Jacobs to Canelo: 'Let's put on a good show'

LAS VEGAS -- There are few who expect anything less than a highly entertaining and competitive fight when Canelo Alvarez and Daniel Jacobs step into the ring to unify their three middleweight world titles on Saturday at the T-Mobile Arena.

But just in case anyone needed a reminder, Jacobs handed one out when he was at the podium for the final pre-fight news conference on Wednesday inside the MGM Grand's KA Theater.

"I'm gonna talk inside the ring and let my fighting speak for itself," Jacobs said, before he turned to Alvarez, who was seated a few feet away.

"To Canelo: Let's put on a good show, my brother," he said.

There has been a good-natured buildup to the fight, the year's biggest so far and Alvarez's second on a five-year, 11-fight, $365 million deal with streaming service DAZN, but nobody should take their lack of antics or trash talk to mean they are not intensely motivated for a victory. After all, this fight will stamp the victor the world's best middleweight.

"I just feel as if the thirst for this fight is at an all-time high. We are only three days away from a mega fight, and it's such a privilege to be here right before this mega showdown," said Jacobs, who will be making the first defense of the vacant 160-pound belt he won by split decision against Sergiy Derevyanchenko in October. "This is the opportunity of a lifetime for me, and I'm mostly excited to get in there to show the world that I am the best middleweight of my generation. I finally have an opportunity to prove it, to go against Canelo Alvarez. You guys are going to see fireworks, masterful boxing, skills, dedication, persistence and grit, most importantly."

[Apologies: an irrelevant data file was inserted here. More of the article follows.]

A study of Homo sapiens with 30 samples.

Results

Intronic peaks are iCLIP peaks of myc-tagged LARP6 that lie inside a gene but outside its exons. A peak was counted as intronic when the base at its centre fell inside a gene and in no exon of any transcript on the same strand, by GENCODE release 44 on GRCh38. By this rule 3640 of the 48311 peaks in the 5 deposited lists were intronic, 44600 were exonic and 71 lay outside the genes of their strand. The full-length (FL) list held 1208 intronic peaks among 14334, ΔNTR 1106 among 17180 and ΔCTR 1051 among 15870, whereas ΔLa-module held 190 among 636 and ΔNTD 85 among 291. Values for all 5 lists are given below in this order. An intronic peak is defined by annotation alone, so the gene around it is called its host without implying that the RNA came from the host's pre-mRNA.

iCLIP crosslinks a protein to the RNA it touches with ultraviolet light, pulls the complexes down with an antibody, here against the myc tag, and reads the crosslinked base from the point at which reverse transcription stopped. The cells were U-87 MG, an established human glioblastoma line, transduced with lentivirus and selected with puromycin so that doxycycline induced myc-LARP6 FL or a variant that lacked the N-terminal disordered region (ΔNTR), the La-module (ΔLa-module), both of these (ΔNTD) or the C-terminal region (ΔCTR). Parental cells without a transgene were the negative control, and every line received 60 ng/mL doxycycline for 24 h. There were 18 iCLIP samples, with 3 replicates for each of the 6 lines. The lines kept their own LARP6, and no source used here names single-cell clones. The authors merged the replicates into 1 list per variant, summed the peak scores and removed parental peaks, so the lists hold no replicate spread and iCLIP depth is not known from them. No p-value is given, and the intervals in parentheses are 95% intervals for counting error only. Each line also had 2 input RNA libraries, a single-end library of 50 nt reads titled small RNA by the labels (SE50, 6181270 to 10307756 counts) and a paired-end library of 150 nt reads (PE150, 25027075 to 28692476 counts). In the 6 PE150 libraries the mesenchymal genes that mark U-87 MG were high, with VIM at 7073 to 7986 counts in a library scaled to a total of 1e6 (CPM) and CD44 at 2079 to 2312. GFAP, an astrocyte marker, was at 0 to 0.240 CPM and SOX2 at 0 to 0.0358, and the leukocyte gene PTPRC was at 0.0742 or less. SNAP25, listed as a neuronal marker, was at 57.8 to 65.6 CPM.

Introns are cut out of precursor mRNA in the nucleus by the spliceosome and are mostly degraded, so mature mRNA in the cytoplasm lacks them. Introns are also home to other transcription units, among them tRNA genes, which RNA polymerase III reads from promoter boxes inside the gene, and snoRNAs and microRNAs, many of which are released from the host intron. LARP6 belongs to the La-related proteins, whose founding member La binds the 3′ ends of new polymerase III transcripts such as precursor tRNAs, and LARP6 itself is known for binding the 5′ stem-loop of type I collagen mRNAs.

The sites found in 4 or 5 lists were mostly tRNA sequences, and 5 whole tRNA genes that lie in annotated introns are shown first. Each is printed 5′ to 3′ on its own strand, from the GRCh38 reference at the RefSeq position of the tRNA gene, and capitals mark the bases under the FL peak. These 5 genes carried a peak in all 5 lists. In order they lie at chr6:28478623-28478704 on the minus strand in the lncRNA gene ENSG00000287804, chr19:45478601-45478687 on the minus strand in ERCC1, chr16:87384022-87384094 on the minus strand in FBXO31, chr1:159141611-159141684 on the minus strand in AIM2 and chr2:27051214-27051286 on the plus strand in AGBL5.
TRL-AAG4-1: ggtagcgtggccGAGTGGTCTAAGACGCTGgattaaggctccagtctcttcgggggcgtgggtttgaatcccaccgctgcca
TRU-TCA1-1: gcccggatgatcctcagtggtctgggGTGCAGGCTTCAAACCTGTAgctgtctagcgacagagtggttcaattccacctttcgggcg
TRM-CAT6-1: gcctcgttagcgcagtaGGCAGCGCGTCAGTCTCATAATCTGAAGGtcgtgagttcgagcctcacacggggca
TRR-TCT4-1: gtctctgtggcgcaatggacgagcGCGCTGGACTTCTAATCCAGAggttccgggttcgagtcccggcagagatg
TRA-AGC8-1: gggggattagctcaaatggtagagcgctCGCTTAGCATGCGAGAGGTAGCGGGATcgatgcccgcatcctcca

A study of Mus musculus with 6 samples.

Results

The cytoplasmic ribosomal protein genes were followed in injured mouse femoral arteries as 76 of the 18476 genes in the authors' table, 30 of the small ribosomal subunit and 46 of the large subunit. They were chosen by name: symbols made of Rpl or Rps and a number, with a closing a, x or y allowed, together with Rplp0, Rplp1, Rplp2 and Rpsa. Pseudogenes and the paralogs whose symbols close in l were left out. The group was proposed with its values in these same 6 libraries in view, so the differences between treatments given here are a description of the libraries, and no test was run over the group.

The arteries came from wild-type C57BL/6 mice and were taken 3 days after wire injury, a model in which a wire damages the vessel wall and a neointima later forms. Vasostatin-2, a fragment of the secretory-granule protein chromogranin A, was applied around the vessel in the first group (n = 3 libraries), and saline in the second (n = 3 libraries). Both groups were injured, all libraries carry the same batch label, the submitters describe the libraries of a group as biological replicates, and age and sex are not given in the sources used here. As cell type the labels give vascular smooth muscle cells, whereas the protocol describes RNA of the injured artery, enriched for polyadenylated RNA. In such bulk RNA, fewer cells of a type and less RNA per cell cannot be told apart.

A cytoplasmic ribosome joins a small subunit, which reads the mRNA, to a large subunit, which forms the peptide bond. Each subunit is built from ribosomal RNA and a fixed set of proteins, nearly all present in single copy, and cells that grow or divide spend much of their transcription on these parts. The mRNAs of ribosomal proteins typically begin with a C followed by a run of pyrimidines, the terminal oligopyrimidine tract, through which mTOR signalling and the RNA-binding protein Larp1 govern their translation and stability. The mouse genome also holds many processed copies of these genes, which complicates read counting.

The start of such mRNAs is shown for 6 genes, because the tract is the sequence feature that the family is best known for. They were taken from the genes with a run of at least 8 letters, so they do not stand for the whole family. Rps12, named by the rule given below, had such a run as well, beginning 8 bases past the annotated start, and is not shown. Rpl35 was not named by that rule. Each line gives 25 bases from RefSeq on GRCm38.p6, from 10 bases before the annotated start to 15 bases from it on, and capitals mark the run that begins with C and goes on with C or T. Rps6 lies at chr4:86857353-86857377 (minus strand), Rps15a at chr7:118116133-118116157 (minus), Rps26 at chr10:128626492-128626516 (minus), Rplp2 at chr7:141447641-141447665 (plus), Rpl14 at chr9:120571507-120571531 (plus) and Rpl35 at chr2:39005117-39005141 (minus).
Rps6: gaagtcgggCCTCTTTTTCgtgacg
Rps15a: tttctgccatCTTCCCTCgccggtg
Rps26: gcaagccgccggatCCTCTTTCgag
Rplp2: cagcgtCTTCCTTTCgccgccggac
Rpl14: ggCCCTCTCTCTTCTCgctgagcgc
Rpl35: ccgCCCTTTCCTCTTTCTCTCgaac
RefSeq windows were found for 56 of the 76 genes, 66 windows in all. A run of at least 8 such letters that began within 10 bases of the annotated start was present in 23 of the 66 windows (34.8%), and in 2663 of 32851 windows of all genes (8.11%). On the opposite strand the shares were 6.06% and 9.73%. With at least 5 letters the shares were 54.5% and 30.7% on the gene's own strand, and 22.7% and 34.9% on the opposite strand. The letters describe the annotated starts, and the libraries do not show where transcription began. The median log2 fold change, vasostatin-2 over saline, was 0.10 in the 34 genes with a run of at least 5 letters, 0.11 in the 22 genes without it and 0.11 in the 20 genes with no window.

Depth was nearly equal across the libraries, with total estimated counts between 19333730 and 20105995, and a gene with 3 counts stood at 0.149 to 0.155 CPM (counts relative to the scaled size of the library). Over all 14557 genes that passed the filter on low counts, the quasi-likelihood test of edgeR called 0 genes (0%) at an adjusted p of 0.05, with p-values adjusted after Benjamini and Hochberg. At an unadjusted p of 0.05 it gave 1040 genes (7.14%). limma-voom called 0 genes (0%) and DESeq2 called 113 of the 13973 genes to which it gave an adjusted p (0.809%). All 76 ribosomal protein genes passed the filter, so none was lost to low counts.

Jacobs also exuded confidence heading into the biggest fight of his career.

"My physical advantages in itself can win me the fight, but I also have the mental capacity," said Jacobs, the bigger, taller, longer man. "I'm in my prime. I'm the only fighter Canelo has faced since Floyd Mayweather [in 2013] to be in his prime. I'm super confident, and I'm going in there with the ability as well."

Mexico's Alvarez (50-1-2, 34 KOs), 28, of the star attraction on Cinco de Mayo weekend, won a pair of middleweight belts by disputed majority from Gennady Golovkin in September before a quick return in December to knock out massive underdog Rocky Fielding in the third round and take his secondary super middleweight belt.

Alvarez said his intention was always to return to middleweight to take on the biggest challenges, so he is back to 160 pounds to make his first defense against Jacobs (35-2, 29 KOs), 32, of Brooklyn, New York.

"Look, we're just ready for Saturday," Alvarez said through an interpreter when it was his turn to speak. "I'll repeat to you: I'm ready. I'm ready to continue writing history like I always have. I'm a fighter that's fought all the styles. What he brings on Saturday night is going to bring the reaction out of me to counter whatever he brings. In boxing, anything can happen. That's including the knockout. If it's there, trust me, I'm going to go for the knockout. I don't care if he's bigger, stronger. It's never bothered me. I have the capability. I have the experience to overcome that and more."

If Alvarez wins, he has designs on going after the fourth belt in the division that would make him the undisputed champion. That would mean a fight with titlist Demetrius Andrade, but there is a stronger possibility of a third fight in September against Golovkin, as long as GGG wins his June 1 return against Steve Rolls.

Eddy Reynoso, Alvarez's head trainer, made it clear what their side wants.

"We have a tremendous challenge in front of us, a tremendous champion in Daniel Jacobs, but this year, our goal is to sweep the middleweight division and win all four belts, and Daniel Jacobs will not obtain that goal," Reynoso said.